Roughly 10% of U.S. Children Get Unneeded Medical Care

By Brian P. Dunleavy, UPI

Doctors fear missing something — and would rather treat symptoms and risk side effects rather than do nothing — while parents “understandably want to relieve their children’s suffering,” said researcher Kao-Ping Chua.

Many U.S. children receive unnecessary medical care, study finds.

Jan. 7 (UPI) — Roughly one in 10 American children receive unnecessary healthcare services, driving up costs and exposing them to potential side effects, a new analysis suggests.

An analysis of medical data for 8.6 million publicly and privately insured children in 12 states, published Tuesday in the journal Pediatrics, suggests young people receive diagnostic tests, imaging tests and prescription drugs they ultimately don’t need.

Many were treated for conditions, like acute sinus infections, they didn’t have and were given antibiotics for colds, which is considered inappropriate according to most care guidelines.

Part of the issue may be a fear of missing something, on the part of both doctors and parents, researchers say.


“This means that there is a low probability that most interventions will alter the course of most illnesses — for example, whether someone receives or does not receive an antibiotic for a cold, they will get better,” Chua said.

Chua and his colleagues evaluated patient-care data from 2014, finding that 11 percent of publicly insured children and 9 percent of privately insured children received “low-value” care, or care that offered little benefit to their health, at least once. In addition, 4 percent and 3 percent of each group received similar low-value care at least twice during the same period.


This latter group included those who were given antibiotics for colds, infants administered cough and cold medications and babies who received acid-blockers for uncomplicated reflux, or simple indigestion.

In addition to being wasteful — and leading to inflated healthcare costs — Chua noted, this unnecessary care may also have health consequences for the children who receive it.

Overuse of antibiotics, for example, can increase antibiotic resistance and the risk for allergic reactions. MRIs can also expose children to the risks of sedation, while CT scans expose them to radiation, which can increase lifetime risk of cancer.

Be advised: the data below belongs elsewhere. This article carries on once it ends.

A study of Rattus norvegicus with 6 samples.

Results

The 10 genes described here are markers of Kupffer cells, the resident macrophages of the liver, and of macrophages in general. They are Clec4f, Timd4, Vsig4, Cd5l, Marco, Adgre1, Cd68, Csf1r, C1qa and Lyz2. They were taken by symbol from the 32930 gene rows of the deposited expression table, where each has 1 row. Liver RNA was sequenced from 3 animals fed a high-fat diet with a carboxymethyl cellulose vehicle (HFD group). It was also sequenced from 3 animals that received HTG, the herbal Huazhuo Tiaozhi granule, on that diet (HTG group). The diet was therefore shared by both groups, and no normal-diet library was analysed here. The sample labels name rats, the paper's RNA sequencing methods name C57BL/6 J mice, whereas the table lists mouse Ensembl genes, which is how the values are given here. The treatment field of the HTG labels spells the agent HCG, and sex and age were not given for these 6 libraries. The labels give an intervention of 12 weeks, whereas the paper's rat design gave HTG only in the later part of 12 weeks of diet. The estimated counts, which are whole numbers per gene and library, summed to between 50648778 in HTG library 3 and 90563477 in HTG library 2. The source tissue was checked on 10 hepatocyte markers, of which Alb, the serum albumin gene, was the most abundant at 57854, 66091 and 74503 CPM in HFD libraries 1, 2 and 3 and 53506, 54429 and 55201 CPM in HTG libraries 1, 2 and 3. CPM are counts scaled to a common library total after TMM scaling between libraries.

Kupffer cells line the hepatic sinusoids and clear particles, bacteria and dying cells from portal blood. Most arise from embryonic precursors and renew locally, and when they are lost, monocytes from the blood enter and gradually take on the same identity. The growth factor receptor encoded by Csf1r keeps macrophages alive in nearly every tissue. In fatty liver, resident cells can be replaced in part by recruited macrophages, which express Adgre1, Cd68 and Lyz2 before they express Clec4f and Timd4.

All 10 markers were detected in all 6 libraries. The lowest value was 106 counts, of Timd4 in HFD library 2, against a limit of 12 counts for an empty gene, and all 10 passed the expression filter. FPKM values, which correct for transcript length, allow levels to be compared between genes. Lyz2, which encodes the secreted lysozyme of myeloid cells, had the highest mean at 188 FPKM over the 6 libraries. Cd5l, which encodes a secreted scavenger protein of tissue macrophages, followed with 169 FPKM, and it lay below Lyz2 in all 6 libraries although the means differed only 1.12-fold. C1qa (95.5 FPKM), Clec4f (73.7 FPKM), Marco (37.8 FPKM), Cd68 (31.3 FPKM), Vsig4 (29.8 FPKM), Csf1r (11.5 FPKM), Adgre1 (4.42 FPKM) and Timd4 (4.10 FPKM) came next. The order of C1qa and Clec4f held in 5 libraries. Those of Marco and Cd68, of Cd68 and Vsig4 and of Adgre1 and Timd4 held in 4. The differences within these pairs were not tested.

“Unnecessary antibiotics increase the risk of diarrhea, antibiotic resistance and allergic reactions, including life-threatening anaphylaxis,” Chua said. “Cough and cold medications can cause rapid heart rates and seizures in young children, particularly when too much medication is given. Exposure to acid blockers in infancy has been associated with an increased risk of developing food allergies and other allergic diseases later in childhood.”

While Chathryn Donaldson, director of communications for America’s Health Insurance Plans, told UPI that the vast majority of children whose cases were reviewed received appropriate care, she also pointed out that doctors and health insurance providers could “work together to do more to prevent unnecessary or inappropriate medical treatments.”

The insurance industry, she said, has been incorporating a number of approaches in recent years to reduce the use of unnecessary care services, including creating financial incentives to encourage the use of higher-value, evidence-based treatments and requiring prior authorization or pre-authorization for interventions.

“Health insurance providers are shifting toward more value-based care, which aligns incentives with doctors and promotes a patient-centered approach where treatments are tailored to the individual,” Donaldson said.

Aside from reducing costs across the population, Donaldson said the aim is to enhance individual care, as well as improve population health.

The initiatives may help address what Chua describes as the “interventionist culture” of American medicine. Doctors fear missing something — and would rather treat symptoms and risk side effects rather than do nothing — while parents “understandably want to relieve their children’s suffering.”

In this context, both parents and clinicians tend to think that prescribing a drug or ordering a test is better than doing nothing, he said.

“Parents should feel empowered to ask questions about the risks and benefits of interventions, and should make it clear to clinicians that they are comfortable with no intervention if that’s the best course of action,” he added. “They should do their best to find a clinician who practices in an evidence-based manner.”